Nestled near the mountain village of Olinda, one hour’s drive from central Melbourne, is the Dandenong Ranges Botanic Garden, a showcase of stunning exotic and native flora.
A dazzling exhibit of the wonderments of nature, the garden is one of the key allures of the Dandenong Ranges, which is set in the low mountain ranges roughly 600 metres above sea level.
Formerly recognised as the National Rhododendron Garden, the vast 40-hectare Garden (100 acres) includes an extensive range of cool-climate plants along with 30,000 Rhododendron and Azalea species and hybrids.
Entry is free, and I spent a relaxed two hours meandering the 5 km of paved walkways during a recent summer visit and was delighted with the diversity of plant life and arrangement of the garden.
“The Dandenong Ranges Botanic Garden is Victoria’s premier cool-climate garden. With breathtaking views over the Yarra Valley, the garden features important collections of rhododendrons, azaleas, camellias and more, in a setting of native and exotic trees. Seasonal changes ensure the garden is a year-round delight,” Quote from the Parks Victoria website.
What does an obscure photographer stuck in the concrete landscape of an Australian suburb and Claude Monet, a French impressionist master, have in common?… the love for nature, gardening, flowers and the symphonies of colours.
‘The richness I achieve comes from Nature, the source of my inspiration.’ – Claude Monet
Born on 14 November 1840, Claude Monet is one of the most significant, influential and universally celebrated figures in the history of Art. Monet was a founder of French Impressionist painting (late 1800s) which focused on emotions, form and changing light and movement rather than realism.
Monet is perhaps most famous for his monumental series of oil paintings depicting water lilies, serene gardens, and Japanese footbridges. Monet’s water lily series was painted on his property in the village of Giverny, in northern France, where he lived his final 43 years from 1883 to his death on 5 December 1926.
Throughout his life, Monet grew flowers and cherished gardening and being outdoors, at one with nature. In his later years, specifically during his life at Giverny, he became a zealous student of botany.
Monet was the architect and visionary of the extensive and splendid landscaped gardens (five acres of flowerbeds and water-lily ponds) which became the subjects of some of his famous masterpieces.
‘My garden is my most beautiful masterpiece.’ – Claude Monet
To achieve his grand vision, he devoted himself to flower gardening and employed several gardeners for additional support. He sourced and imported plants, some rare, from around the world including irises, daises, nasturtiums peonies, delphiniums, rhododendrons, Oriental poppies, asters and many species of sunflowers and the water lilies for his famous lily pond.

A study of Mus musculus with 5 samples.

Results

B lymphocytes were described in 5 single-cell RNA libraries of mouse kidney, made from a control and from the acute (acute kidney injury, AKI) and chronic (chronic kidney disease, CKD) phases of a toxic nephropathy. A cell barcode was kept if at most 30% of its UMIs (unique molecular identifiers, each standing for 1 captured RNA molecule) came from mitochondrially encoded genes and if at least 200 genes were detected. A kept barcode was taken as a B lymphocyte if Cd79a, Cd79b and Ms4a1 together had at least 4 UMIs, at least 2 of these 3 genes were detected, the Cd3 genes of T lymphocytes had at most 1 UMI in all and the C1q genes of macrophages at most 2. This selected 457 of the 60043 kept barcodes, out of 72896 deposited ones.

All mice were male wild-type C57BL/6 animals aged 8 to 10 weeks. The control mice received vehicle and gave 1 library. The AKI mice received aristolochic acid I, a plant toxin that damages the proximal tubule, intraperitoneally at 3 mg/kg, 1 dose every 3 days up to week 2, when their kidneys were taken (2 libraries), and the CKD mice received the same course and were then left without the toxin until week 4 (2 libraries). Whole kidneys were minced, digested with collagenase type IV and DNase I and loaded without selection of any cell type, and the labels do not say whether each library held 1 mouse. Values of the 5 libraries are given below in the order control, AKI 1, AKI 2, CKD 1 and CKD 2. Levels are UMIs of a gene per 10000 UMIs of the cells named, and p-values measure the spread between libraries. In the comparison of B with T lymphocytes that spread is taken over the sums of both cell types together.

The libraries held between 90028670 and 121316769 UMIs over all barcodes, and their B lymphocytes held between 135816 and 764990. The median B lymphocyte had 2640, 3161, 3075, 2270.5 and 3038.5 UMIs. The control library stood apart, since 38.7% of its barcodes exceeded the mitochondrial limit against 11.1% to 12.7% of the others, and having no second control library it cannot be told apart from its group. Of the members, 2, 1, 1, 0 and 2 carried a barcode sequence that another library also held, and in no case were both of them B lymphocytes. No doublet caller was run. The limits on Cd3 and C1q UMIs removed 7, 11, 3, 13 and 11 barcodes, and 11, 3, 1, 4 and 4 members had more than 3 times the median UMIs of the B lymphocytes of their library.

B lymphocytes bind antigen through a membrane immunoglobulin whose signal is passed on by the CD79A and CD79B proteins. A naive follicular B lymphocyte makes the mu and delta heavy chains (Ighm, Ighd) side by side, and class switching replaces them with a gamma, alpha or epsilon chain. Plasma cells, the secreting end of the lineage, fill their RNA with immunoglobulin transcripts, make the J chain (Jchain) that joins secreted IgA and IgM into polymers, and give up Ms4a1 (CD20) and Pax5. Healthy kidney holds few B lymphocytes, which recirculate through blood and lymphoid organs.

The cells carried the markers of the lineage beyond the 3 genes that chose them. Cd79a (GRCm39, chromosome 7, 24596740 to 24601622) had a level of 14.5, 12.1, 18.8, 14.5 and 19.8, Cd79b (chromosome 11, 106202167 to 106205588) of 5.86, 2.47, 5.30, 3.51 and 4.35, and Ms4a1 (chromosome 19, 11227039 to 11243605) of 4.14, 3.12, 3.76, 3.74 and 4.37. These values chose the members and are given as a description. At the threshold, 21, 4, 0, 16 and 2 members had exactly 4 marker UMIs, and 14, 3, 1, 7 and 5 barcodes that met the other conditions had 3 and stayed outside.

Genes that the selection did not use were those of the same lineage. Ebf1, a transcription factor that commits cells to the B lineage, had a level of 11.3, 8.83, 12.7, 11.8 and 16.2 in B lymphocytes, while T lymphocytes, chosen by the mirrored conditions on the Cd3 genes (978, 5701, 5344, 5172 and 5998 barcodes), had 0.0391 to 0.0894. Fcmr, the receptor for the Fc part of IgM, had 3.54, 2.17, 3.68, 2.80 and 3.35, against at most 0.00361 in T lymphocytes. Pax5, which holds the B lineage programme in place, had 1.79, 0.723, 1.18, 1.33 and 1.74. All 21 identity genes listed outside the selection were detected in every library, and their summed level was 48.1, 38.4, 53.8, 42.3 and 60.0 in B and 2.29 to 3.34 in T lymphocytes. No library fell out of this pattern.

Monet didn’t let finances impede attaining his dream, and he said, “All my money goes into my garden,” but also: “I am in raptures.”
Today Monet’s house and gardens attract over half a million visitors each year, testament to his visionary brilliance. It was Monet’s love of plants and flowers and not painting that inspired him to transform his property into an oasis.
And as Monet, I created my garden beds purely for the pure joy, inspiration, and companionship that plants and flowers provide. Graceful, enchanting and full of zest, flowers with all their eccentricities and richness of colours never cannot captivate the senses. As with Monet, I can’t imagine life without being surrounded by nature.
‘I must have flowers, always, and always.’ – Claude Monet.
Images included in this post (and found in my image gallery) were captured in my garden. I concentrated on my collection of showy merry African daisies (Osteospermum) of which I clearly adore. The scientific name is developed from the Greek osteon (bone) and Latin spermum (seed).
As homage to Monet, several of the photographs are impressionistic in style, with a dreamy soft, almost defocused effect, gushing with vibrant colours.
I used the multiple exposure photographic technique, also known as Intentional Camera Movement (ICM). I superimposed nine exposures to create a single image in camera. I then converted raw files into jpegs with very minor basic adjustments in Photoshop.